A woman reading in a bookstore in Harvard Square in Cambridge, Massachusetts. REUTERS/Brian Snyder

Across the U.S. and Canada, rallies are celebrating independent booksellers.

The Country Bookshelf in Bozeman, Montana, is one of two bookstores in town. It shares a block with a jeweler and a record store. The streets are highly walkable; the shop gets a lot of foot traffic. Even so, like many brick-and-mortar shops, it works hard to entice customers to get off their computers and come visit in person.

April 30 is a big day for bookstores—especially the little ones, like the Country Bookshelf. In the U.S., it’s the second annual Independent Bookstore Day. Celebrations will happen across Canada, too, where festivities are organized under the umbrella of Authors for Indies.

As part of last year’s festivities, Carson Evans—the events and marketing coordinator at the Country Bookshelf—strung up some streamers and sketched chalk drawings on the sidewalk. The weather was beautiful, and folks strolled in to have a piece of cake. Her profits that day were more than 50 percent higher than the same day the prior year.

This time around, Evans is ratcheting up the schedule of events to cram in as much as possible—to try and distill the essence of the shop into a day full of programming. There will be a puppet show; a book club; live music; therapy animals. A volunteer reader will curl up on a seat in the window with a book, cup of tea, and a cat (adoptable through the local humane society). “It’s a showcase of all of the things that we do, but all in one day at a really fast pace, to give a picture of ‘this is who we are,’” Evans says.

More than 420 shops scattered across 48 states are participating this year, hosting readings and signings and selling limited-edition merchandise, like a vinyl record accompanying the bestselling kids’ book Rad American Women A-Z. In Canada, Authors for Indies has recruited more than 600 writers for events in over 100 stores in all 10 provinces.

Locally minded communities help sustain independent shops. But Evans says that in order to stay competitive, small stores need to tap into a global community, too. In online forums, stores share ideas about how to advertise for the bookstore day event, she says. And some weekend events aim to expand a store’s reach by literally putting it on the map. In Brooklyn, Ellen Wright, a publicist at Hachette, is spearheading a bookstore crawl. Participants will read their way through 20-odd shops, such as the decidedly macabre Morbid Anatomy Museum and the Brooklyn Art Library, which peddles handmade ephemera.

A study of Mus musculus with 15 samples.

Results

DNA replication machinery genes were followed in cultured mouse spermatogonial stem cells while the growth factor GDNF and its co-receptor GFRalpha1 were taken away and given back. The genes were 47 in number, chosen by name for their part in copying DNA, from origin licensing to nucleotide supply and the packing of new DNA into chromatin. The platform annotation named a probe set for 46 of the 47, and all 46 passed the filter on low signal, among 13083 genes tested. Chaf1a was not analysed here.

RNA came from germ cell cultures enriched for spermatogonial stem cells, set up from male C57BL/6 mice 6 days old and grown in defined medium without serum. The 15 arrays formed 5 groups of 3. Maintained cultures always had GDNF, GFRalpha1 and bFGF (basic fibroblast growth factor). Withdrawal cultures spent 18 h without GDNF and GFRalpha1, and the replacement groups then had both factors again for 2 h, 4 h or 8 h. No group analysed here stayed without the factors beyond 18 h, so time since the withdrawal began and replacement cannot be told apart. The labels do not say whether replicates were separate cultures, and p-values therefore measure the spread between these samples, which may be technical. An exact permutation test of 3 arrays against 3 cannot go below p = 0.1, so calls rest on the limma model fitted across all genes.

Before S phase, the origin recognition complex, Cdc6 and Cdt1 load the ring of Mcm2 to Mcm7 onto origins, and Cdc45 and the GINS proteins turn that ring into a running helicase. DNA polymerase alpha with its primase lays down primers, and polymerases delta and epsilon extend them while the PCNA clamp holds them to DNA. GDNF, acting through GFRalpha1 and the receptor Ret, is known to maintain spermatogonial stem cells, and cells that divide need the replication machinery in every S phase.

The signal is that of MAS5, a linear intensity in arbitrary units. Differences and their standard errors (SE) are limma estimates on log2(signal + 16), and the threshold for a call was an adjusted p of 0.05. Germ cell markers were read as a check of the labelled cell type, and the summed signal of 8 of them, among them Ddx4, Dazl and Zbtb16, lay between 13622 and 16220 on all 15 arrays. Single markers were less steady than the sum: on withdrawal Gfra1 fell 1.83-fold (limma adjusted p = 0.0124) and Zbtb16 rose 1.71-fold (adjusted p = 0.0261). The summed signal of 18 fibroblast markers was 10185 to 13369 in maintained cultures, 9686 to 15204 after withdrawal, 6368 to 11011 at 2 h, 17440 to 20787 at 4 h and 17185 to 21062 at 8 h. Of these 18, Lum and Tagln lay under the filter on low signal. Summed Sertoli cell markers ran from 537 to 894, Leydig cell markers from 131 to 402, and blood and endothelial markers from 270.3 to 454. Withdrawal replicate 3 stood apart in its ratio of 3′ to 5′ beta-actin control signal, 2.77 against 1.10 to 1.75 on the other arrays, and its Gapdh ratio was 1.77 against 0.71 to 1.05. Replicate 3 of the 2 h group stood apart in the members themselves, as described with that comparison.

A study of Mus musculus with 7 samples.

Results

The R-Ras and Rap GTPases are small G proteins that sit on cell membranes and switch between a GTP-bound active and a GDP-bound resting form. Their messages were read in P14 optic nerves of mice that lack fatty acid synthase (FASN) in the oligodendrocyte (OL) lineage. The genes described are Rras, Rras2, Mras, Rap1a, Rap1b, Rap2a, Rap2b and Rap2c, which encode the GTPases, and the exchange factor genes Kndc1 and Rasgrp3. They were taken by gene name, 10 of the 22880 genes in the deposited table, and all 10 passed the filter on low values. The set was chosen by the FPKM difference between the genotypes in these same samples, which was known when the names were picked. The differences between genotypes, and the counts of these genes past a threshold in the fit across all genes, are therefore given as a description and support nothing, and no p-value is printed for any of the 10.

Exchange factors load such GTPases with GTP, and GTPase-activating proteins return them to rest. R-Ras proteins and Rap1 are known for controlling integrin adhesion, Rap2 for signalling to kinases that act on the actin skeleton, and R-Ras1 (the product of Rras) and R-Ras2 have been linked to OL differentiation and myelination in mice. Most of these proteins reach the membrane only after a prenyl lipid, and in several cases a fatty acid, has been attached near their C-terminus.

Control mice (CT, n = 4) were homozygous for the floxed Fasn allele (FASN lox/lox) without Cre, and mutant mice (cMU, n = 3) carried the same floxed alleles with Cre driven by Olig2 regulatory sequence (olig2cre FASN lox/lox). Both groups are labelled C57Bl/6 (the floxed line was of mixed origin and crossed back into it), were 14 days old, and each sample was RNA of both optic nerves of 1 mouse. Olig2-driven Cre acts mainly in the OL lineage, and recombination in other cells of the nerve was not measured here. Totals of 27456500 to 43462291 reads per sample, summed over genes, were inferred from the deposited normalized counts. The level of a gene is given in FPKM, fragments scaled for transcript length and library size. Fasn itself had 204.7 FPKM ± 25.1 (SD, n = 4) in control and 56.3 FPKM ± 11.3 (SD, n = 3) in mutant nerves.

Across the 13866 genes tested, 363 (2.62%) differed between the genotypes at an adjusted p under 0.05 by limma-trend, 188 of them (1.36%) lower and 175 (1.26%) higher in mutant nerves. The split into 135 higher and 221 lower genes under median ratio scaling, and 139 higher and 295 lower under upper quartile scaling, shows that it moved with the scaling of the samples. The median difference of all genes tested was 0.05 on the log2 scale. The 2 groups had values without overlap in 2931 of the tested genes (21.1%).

Even in a competitive market, Wright finds that booksellers want to foster a sense of camaraderie among themselves: “Everyone who works at the store is going to be a book person, and they like other book people,” she tells CityLab. “If independent bookstores in general are doing better, they all do better.”

And, despite high-profile shutterings such as St. Mark’s Bookshop—a stalwart in New York City’s East Village that finally went belly up in February after years of struggling—Wright says that bookstores seem to be experiencing a bit of an upswing offline. Amazon recently opened an analog shop; last month, Barnes & Noble closed fewer stores than it has since 2000, and revenue from its brick-and-mortar shops increased 1.3 percent in the last fiscal quarter. “The physical book business as an industry and within Barnes & Noble has stabilized,” the B&N CEO Ron Boire told Fortune.

“We wanted to change the tired narrative of bookstores hanging on by a thread and being these musty throwback shops,” the Independent Bookstore Day program director Samantha Schoech told The Daily Beast last year.

In a statement about his involvement with Authors for Indies, the writer Guy Gavriel Kay described how bookstores are integral facets of a community’s cultural life:

“Local indie bookstores are islands of light and knowledge in the communities lucky enough to still have them. So, if we support independent bookstores we aren’t doing so as a benevolent act, we are doing it for ourselves, our neighbourhoods, the richness of community life.”

Evans echoed that sentiment. Impromptu discoveries are part of the joy of shopping in person: the serendipity of sorting through stacks, plucking out anything that looks interesting, even if it’s not what you think you’re looking for. “You can walk in and find something you’ve never heard of that’s perfect for you,” she says. “That’s a wonderful thing.” The key is getting people in the door to poke around.

About the Author

Jessica Leigh Hester
Jessica Leigh Hester

Jessica Leigh Hester is a senior associate editor at CityLab. She writes about culture, sustainability, and green spaces, and lives in Brooklyn.